Government farm subsidies cost a lot of money, about $23 billion last year alone. Most of the money goes to support specific crops like corn, soybeans, rice and others.
A much smaller part helps farmers improve their land to fight soil erosion and other problems.
Southwest Minnesota farmer David Fier has used some of that money to install grass buffers along waterways and plant thousands of trees. He says the conservation work fits his philosophy that a farmer must protect the soil that grows the food. He also likes the side benefits; his work provides homes from a wide range of wild animals.
"When you stop a tractor to put a bird back in its nest or stop to let pheasants run across the road I guess you're a conservationist at heart," says Fier.
On this day he's got more to do than tend to cattle and crops. Several busloads of livestock producers have stopped by, part of a tour they're taking of area farms. He tells them cattle and conservation can go hand in hand.
"That's part of being a good land steward, enjoying it yourself and showing the future generations what we have out here in rural America," says Fier.
If farmers like Fier and others have their way, the next farm bill will have more money for conservation programs. Some people would like to see federal money used to directly reward farmers for taking steps to protect soil and waterways.
"That does mean investing more in such things as environmental policies."
A farmer might get money for things like leaving crop residue on harvested fields. The stalks and leaves form a protective blanket, lessening the chance of wind or water erosion. Environmental groups like the idea because they believe more conservation money will help cleanup the nation's rivers and provide other benefits.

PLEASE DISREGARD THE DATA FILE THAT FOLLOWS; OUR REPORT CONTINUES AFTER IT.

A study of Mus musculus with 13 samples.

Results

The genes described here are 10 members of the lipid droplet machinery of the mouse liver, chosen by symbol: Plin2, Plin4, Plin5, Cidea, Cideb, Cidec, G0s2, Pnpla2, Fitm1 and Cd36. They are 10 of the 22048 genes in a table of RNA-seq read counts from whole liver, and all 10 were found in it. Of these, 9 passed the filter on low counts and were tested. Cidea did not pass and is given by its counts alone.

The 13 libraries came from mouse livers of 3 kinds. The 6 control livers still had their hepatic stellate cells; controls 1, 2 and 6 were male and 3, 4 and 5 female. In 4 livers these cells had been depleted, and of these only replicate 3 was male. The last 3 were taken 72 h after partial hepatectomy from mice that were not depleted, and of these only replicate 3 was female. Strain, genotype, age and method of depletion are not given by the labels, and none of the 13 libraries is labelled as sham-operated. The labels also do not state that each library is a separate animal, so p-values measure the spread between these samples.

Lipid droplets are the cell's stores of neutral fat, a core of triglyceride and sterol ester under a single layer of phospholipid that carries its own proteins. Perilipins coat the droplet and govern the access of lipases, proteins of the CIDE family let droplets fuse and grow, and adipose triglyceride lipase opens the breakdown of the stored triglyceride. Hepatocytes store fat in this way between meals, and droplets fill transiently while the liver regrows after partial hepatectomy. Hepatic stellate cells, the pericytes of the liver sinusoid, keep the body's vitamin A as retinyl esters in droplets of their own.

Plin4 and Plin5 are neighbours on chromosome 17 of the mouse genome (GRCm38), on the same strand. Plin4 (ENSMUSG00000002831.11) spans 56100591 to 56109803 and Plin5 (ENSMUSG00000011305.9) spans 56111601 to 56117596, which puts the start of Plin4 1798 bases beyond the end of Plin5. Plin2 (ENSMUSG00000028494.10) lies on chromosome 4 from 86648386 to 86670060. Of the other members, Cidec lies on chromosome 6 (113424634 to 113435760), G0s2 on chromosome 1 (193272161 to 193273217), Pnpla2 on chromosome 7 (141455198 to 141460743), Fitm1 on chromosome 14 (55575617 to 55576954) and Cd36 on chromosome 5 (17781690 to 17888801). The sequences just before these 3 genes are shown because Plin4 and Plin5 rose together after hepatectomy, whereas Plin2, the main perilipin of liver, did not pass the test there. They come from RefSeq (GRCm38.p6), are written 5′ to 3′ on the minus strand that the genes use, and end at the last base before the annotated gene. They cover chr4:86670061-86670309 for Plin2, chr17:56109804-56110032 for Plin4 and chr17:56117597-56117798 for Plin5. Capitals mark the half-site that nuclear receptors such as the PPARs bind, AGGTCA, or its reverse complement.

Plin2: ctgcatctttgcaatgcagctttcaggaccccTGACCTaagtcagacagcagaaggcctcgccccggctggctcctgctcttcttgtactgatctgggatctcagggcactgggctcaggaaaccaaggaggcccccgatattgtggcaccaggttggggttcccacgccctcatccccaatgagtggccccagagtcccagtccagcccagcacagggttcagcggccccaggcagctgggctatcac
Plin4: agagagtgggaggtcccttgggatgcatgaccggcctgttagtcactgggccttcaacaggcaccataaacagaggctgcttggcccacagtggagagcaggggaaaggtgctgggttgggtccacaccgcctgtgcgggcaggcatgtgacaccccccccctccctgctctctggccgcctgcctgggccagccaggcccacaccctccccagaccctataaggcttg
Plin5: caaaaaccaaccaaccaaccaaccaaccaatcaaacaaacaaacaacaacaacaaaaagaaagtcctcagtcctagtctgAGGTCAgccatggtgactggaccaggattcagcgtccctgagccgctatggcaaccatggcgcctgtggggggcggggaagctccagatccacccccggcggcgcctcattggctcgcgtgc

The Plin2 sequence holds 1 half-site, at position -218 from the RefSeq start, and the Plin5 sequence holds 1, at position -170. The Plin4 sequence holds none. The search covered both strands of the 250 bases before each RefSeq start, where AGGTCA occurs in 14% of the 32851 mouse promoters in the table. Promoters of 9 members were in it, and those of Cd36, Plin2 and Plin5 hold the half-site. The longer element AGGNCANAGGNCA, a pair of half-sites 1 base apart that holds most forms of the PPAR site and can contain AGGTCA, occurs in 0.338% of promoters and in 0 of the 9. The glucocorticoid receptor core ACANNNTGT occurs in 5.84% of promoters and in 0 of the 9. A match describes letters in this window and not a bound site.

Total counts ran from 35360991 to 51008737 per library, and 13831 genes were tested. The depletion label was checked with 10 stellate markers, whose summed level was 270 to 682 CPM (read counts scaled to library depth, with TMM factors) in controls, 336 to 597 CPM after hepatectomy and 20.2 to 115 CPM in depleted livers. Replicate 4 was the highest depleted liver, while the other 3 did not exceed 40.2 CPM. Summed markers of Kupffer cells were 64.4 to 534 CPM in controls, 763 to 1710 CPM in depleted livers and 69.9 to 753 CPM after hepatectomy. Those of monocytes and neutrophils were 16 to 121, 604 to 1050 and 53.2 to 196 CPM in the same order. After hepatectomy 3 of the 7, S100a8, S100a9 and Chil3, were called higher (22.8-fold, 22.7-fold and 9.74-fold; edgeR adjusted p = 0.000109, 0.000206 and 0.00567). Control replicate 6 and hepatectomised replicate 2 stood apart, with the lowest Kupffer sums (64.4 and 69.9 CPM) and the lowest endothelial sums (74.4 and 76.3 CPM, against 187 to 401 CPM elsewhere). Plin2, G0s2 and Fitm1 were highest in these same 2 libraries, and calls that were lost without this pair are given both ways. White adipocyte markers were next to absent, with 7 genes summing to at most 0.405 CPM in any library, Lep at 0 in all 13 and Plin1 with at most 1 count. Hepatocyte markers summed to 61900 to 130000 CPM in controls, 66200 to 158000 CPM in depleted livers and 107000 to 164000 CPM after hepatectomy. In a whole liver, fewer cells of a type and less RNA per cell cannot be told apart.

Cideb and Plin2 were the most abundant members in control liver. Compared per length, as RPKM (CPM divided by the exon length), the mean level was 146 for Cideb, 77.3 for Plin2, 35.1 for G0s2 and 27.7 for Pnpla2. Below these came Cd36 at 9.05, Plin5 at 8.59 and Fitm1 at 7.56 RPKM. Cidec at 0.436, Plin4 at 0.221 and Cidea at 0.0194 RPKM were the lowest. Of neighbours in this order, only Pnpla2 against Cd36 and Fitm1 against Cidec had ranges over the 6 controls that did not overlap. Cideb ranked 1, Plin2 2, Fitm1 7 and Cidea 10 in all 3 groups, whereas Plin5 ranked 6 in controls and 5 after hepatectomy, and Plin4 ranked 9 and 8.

For completely different reasons, many countries around the world also want to see increased conservation payments. Darryl Ray has studied the issue, he says many nation's feel current U.S. farm subsidies hurt developing countries.
"If you're going to help farmers, why you want to do it in a way, they would argue, that is the least trade distorting," says Ray. "Which in their mind means that it doesn't influence prices of commodities on the international market, unduly."
Ray directs the University of Tennessee's Agricultural Policy Analysis Center. He say many nation's feel U.S. farm subsidies lower world grain prices.
Their argument goes like this: subsidizing farmers encourages them to produce ever more corn, soybeans and other crops. These plentiful grain supplies reduce world prices. U.S. farmers can afford lower prices because the government subsidy fills in the economic gap. Poor nations can't pay subsidies. Their farmers live with low prices or go out of business.
Ray says with powerful groups like the World Trade Organization criticizing U.S. farm subsidies, there's a chance Congress will make changes in the next farm bill.
"If there are some things that can be done that will not upset the apple cart but at least seem to be moving in the direction of WTO kinds of policies they will do it," says Ray. "And that does mean investing more in such things as environmental policies."
Under WTO guidelines, federal money paid to farmers for conservation practices are usually considered non-trade distorting and not a threat to poor nations.
It's one of the subjects sure to come up at the Marshall hearing. The Bush administration says the farm subsidy program must change. If it does, it could mean better soil and more trees on farms like those operated by David Fier.